The LA Times has an excellent (and disturbing) story on Darfur. The conclusion: it’s already too late. (Registration requried, but free, and worth it to read this excellent piece.) No matter what the international community does at this point, hundreds of thousands of people will die of starvation in western Sudan and eastern Chad. World Food Programme is reaching 800,000 of the 1.2 million refugees, but the lack of roads, security concerns and the Khartoum government’s lack of cooperation make it difficult to reach all those in need. The real suffering may be yet to come – since no one in Darfur was able to plant crops (and those planted were destroyed by the militias), over 2 million people may be starving come October.
While the world continues to debate whether or not what’s happening in Sudan constitutes genocide, a representative of Human Rights Watch offers the following: “Frankly, the job is just about done. They have ethnically cleansed a million people from their homes.”
The LA Times story offers an interesting bit of analysis to explain why world governments have sat on the sidelines of this conflict for 16 months. Quoting John Prendergast with the International Crisis Group, the story speculates that the US and others stayed uninvolved with Darfur out of fear of upsetting the peace process in Southern Sudan. As a result:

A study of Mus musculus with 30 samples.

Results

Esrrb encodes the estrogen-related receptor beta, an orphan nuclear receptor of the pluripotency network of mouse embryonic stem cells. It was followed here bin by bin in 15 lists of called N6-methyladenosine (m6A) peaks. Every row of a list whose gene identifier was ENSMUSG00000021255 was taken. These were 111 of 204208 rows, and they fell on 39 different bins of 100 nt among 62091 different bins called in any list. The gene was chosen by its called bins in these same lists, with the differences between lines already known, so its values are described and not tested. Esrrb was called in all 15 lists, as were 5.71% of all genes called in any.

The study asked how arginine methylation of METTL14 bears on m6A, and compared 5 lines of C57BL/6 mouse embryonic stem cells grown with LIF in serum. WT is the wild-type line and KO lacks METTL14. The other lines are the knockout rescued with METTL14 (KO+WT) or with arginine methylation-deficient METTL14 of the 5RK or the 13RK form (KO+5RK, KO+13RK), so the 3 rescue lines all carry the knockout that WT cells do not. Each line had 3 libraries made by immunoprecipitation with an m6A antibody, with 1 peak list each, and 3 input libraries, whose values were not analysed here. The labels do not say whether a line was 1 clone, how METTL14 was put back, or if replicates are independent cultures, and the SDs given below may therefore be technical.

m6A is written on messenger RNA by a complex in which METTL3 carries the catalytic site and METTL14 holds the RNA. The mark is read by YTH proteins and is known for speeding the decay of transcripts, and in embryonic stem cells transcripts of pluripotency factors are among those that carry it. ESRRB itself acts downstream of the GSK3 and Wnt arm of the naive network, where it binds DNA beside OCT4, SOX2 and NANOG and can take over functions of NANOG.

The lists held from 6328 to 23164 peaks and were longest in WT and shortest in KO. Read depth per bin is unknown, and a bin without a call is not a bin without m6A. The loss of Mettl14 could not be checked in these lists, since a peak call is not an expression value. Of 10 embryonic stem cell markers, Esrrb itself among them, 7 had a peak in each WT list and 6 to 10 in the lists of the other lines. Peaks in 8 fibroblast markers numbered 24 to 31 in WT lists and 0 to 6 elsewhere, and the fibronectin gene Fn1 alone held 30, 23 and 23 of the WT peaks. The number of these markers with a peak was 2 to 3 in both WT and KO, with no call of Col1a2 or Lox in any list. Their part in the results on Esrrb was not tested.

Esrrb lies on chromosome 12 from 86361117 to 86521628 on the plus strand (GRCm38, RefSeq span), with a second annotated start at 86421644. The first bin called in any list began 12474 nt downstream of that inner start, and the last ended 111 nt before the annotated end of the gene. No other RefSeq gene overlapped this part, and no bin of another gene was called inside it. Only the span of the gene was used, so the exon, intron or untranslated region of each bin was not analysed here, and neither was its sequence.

“Once Khartoum realized countries like Britain, America, Norway and the U.N. Security Council wanted to get Naivasha done first, they just started stringing out the Naivasha process,” Prendergast said. “They realized as long as the process was going on, they would have a cover for their activities in Darfur.”
There’s another reason, of course. With conflicts in Iraq and Afghanistan, it’s obvious that neither the US or the UK would be likely to intervene militarily in Sudan. NATO is overcommitted in Afghanistan; neither the UN nor individual African nations have much peacekeeping capacity, and that capacity is deployed in DRC and Cote D’Ivoire. Not only does Bush’s “war on terror” chase critical African stories off the front page – it also helps ensure that there will be little or no intervention into these conflicts.